There may have been no sailing on the opening day of a British Classic yacht week in Cowes, but that didn't stop the competitors having a fabulous time. The schedule called for the Panerai Classic Around The Island Race, with a 7.30am start time, but with little or no wind forecast the Race Committee wisely opted to change the programme and instead proposed a Solent inshore race. Although the morning brought hot sunshine, conditions over the mainland were hazy and the sea breeze stubbornly refused to develop. By 13.00 it was clear the situation was not going to improve and racing was reluctantly called off for the day.
Whilst the lack of racing was disappointing, Panerai British Classic Week is as much about the boats and their owners as it is about the race results, so great fun was still had by all. Cowes Yacht Haven's south basin is awash with gleaming varnish and highly polished brass work and there is nothing classic boat owners love more than a chance to check out each others boats, compare stories and exchange tips, so today gave them the perfect opportunity to indulge.
With nothing to trim or hoist, the cooks in the fleet turned their attentions to lunch and some spectacular cockpit picnics were enjoyed, all washed down with copious quantities of Pimms and well chilled champagne. For others the lure of a swim in Osborne Bay was overwhelming and a number of the crews headed off to the delightful anchorage off Queen Victoria's summer home for a cooling dip.
For Sam Laidlaw and Rob Gray's Sparkman and Stephens designed Clarionet, today's delay was rather welcome as the boat only went back into the water after a major refit this week and there are still plenty of small jobs to finish. Built by Clare Lallow's yard in Cowes, Clarionet is one of the most successful racing yachts of all time. In her opening season of 1966 she won or came second in almost every race she took part in, including winning Cowes Week and the RORC St Malo Race overall. But she was more than a one-season wonder, going on to win hundreds more races in her 47 year career including the 1987 RORC Channel Race, where she beat off the entire 42 strong Admiral's Cup fleet and her class in the 2001 Fastnet. Even at 43 years young she still finished 3rd in class in the 2009 Fastnet racing against some of the hottest modern race boats of the day! After her refit at David Heritage's Cowes yard she is looking as stunning as ever and everyone will be watching eagerly to see if she also retains her winning ways.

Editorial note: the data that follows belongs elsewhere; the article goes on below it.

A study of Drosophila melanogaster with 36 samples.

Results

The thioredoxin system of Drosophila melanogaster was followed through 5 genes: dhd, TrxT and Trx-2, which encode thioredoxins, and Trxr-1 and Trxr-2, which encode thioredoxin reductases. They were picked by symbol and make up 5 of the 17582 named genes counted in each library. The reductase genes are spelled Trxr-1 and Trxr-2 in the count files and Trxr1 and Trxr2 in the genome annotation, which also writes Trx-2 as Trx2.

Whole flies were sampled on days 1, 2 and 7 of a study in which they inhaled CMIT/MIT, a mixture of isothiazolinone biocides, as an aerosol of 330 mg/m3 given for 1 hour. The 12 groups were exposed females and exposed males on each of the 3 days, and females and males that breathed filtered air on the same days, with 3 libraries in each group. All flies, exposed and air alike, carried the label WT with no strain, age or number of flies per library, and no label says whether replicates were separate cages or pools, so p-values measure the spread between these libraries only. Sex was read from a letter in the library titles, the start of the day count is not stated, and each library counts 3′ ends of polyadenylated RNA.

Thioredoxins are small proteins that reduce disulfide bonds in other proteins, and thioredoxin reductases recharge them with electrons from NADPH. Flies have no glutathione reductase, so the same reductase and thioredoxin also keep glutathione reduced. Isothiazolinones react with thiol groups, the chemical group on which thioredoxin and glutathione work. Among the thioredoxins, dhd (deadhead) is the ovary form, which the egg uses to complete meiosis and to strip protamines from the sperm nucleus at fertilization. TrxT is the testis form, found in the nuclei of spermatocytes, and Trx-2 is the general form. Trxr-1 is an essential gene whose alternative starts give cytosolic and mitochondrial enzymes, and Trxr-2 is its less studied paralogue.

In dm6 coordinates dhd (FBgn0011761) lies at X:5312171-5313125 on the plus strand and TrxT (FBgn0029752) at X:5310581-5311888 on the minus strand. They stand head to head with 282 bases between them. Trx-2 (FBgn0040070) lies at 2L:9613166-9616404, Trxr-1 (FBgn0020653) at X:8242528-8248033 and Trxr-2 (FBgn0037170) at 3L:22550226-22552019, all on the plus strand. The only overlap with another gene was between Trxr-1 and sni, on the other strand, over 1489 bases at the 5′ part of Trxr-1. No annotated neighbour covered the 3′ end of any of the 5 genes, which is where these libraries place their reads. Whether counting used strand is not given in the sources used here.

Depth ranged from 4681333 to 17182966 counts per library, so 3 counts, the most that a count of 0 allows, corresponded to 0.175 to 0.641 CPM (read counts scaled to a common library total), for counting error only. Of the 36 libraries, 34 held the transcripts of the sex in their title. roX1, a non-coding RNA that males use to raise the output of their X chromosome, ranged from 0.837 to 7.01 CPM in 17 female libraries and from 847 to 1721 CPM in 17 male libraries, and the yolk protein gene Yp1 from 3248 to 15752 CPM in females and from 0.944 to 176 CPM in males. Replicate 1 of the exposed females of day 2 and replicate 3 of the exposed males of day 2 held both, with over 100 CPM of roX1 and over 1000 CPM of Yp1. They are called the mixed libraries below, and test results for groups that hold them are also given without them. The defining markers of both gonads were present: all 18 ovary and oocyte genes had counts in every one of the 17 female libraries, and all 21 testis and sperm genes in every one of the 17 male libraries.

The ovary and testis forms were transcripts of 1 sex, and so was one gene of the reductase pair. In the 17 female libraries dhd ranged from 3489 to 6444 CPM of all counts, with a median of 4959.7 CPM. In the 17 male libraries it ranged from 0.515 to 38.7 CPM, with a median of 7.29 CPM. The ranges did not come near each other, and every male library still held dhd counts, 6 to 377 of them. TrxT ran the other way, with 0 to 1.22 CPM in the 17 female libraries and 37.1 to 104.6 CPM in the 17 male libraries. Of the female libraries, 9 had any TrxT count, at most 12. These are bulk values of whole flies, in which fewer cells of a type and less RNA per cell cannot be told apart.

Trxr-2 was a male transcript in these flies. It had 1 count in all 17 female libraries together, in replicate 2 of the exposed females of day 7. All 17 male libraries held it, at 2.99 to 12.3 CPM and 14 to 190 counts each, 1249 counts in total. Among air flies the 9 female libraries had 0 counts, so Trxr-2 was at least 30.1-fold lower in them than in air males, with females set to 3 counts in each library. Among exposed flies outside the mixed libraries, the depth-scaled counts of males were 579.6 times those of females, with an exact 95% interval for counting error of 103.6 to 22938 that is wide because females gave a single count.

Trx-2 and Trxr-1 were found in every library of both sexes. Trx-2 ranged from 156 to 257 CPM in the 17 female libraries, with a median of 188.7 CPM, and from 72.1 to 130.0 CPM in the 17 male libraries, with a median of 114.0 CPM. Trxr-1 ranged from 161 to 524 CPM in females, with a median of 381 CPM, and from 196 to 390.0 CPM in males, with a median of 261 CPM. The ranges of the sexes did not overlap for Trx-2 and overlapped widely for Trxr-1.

Just getting to Cowes has been a major achievement for some of the competitors including Simon Field's Swanilda, a 1960 Nicholson bermudan sloop built by The Berthon Boat Company, and James Kelman's Croix des Gardes, a 1947 Henri Dervin bermudan cutter built by Bonnin Arcachon, both of which sailed across the Atlantic to be here. Croix des Gardes left the 2012 edition of Panerai British Classic Week heading for the Panerai Transat Classique. At the end of that race she cruised through the Caribbean and up the east coast of the United States, before sailing back across the Atlantic just in time for this year's event. As if that wasn't an impressive enough achievement in its own right Croix des Gardes' crew for the entire trip included James's children Elizabeth, six, and Matthew, eight, both of whom were rather disappointed not to be able to race today.
Tomorrow's forecast looks more promising with 10+ knots from the north-east and hot sunshine, which bodes well for EFG International Race Day which will feature one race starting at noon. The regatta continues until Saturday 13th July with racing every day until Friday and a Parade of Sail past the Royal Yacht Squadron on Saturday.
For further information and details about the Panerai British Classic Week please visit www.britishclassicyachtclub.org/regatta.